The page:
Nordic Club members explore nature in its full winter glory.
When an icy fog closes in around her, Kellie Barry often heads for the hills.
There she's likely to encounter blue skies, and she's sure to find miles of snow to satisfy the 48-year-old's thirst for cross-country skiing.
Barry is part of the 105-member Southern Oregon Chapter of the Oregon Nordic Club. Between weekday or week-end outings, club members cram in races, clinics and skiing rendezvous from Northern California to Southern Oregon and beyond.
"Sometime's it's like a mini-vacation just getting out of town for the day," says Barry, a caregiver at Rogue Valley Manor who started cross-country skiing five years ago. Now she's a Nordic Club board member who helps plan trips into the wilderness.
She started into the sport after inquiring about the club at its Ashland Ski Swap booth. She soon was taking her first lesson under the watchful eye of 90-year-old club member Dan Bulkley of Phoenix, who was then 85.
"People had always been talking about skiing being dangerous, yet here was Dan teaching us how to do it. At 85," Barry says. "It was neat."
After five years, she considers herself an intermediate skier, although some of her friends and fellow club members tell her she's advanced. She tries to ski a couple of times each week.
"I just really like the 'high' of the exercise. It's an added benefit of something that's good for you," she says.
The local chapter of the Oregon Nordic Club was founded in 1968. Its offerings range from beginner to expert and its white, winter playground spans from Buck Prairie east of Ashland to the foothills of Mount Shasta, from Mount Ashland to Diamond Lake.
Nordic skiing includes ski touring, telemark backcountry skiing, cross-country track skiing and racing, and snowshoeing.
The majority of activities for the local club centers on touring, either through the backcountry or on groomed trails.
The club's Web site (http://southernonc.tripod.com/) includes backcountry field reports and updates on local weather and skiing conditions, along with entry forms for races and a downloadable newsletter listing ski outings, meetings and clinics.
Apart from comfortable, moisture-fighting clothes, beginners need only a pair of skis, boots, poles and bindings to get started.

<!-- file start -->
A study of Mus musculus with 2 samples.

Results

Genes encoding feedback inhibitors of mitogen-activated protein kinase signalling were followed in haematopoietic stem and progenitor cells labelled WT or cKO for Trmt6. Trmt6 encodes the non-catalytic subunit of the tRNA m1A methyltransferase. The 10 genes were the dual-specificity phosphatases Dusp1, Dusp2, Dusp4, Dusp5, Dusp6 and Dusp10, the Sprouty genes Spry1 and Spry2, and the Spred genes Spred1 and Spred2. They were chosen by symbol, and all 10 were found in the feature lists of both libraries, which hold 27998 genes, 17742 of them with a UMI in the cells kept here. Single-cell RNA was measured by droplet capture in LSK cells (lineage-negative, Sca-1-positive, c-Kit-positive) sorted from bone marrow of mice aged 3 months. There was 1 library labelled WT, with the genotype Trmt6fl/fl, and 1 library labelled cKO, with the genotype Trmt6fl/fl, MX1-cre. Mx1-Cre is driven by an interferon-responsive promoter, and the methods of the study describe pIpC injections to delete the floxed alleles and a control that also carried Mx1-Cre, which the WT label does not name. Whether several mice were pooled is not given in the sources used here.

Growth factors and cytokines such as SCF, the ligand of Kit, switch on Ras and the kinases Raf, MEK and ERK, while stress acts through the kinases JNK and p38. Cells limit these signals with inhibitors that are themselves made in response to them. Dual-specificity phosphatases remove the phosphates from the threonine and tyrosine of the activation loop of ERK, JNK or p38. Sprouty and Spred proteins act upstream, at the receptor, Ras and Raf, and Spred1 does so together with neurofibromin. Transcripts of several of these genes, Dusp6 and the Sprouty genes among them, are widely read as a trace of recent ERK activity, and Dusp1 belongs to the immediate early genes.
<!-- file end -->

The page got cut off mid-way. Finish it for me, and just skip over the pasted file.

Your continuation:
"It's definitely less expensive than downhill skiing," says 77-year-old club member Marjorie Bulkley of Phoenix, Dan's wife.
Dan Bulkley says the club is user-friendly because "we take just about anybody."
"There's usually quite a few classes for beginners or for people who have skied very little and want to improve," he says. "We try to find something for anybody and everybody."
A sampling of club activities includes an intermediate ski tour to Table Mountain, scheduled for today; a ski clinic and training session Feb. 9 at the Mount Shasta Nordic Center; the club-organized John Day Race on Feb. 17 at Diamond Lake; and a 7-mile ski tour Feb. 23 on Lollipop Trail at Fish Lake.
Marjorie Bulkley has had both hips and both knees replaced, but she says Nordic Club activities are a great fit for her exercise needs as she ages.
"I'm not very aggressive," she says. "It's easy on the body. If you can walk, you can do it. It's easier than walking or running. It's more like gliding."
Club member Edgar Hee, 61, a civil engineer from Medford, enjoys the sport with his wife, Karen, also 61.
"It's an opportunity to find people of like mind and interest to get out there and do things together," Hee says. "It's not so much a guide service. We're in a part of Southern Oregon that's not near resort-types of nordic ski areas like Mount Shasta or (Mount) Bachelor, so you're sort of out there on your own and we highly advise people not to go out there alone. When you're out there with a group of friends, people can avoid a minor incident becoming significant."
Along with planned activities, club members also coordinate informal trips together to their favorite skiing spots around the world. For example, Karen Hee, Nordic Club club president Stefanie Ferrara and a group of other club women went to Glacier National Park in Montana two weeks ago for a ski trip.
Edgar Hee says he got into cross-country skiing in the late '60s and early '70s after an outdoorsy college buddy told him, "We can't just sit here all winter and wait to go backpacking in the spring." He tried the sport and got hooked, enjoying its varying degrees of exertion.
"Depending on how much energy you want to put into it, you can be out for a nice walk in the woods or you can be at race pace," Hee says.
The beauty of nature in its full winter glory also draws Hee to the hills.
"We have times where we never see the sun for 10 or 12 days in the valley, but you pop up to the mountains and you're above the fog under a blue sky. It's physically and mentally recharging."
And it's relatively cheap, club members say.
"You don't have to buy a lift ticket," Dan Bulkley says.
You will need an annual $20 Sno Park permit from the state, and you will have to pay for gas to get there, which can get expensive, Hee notes. "But all in all, it is a very affordable sport,."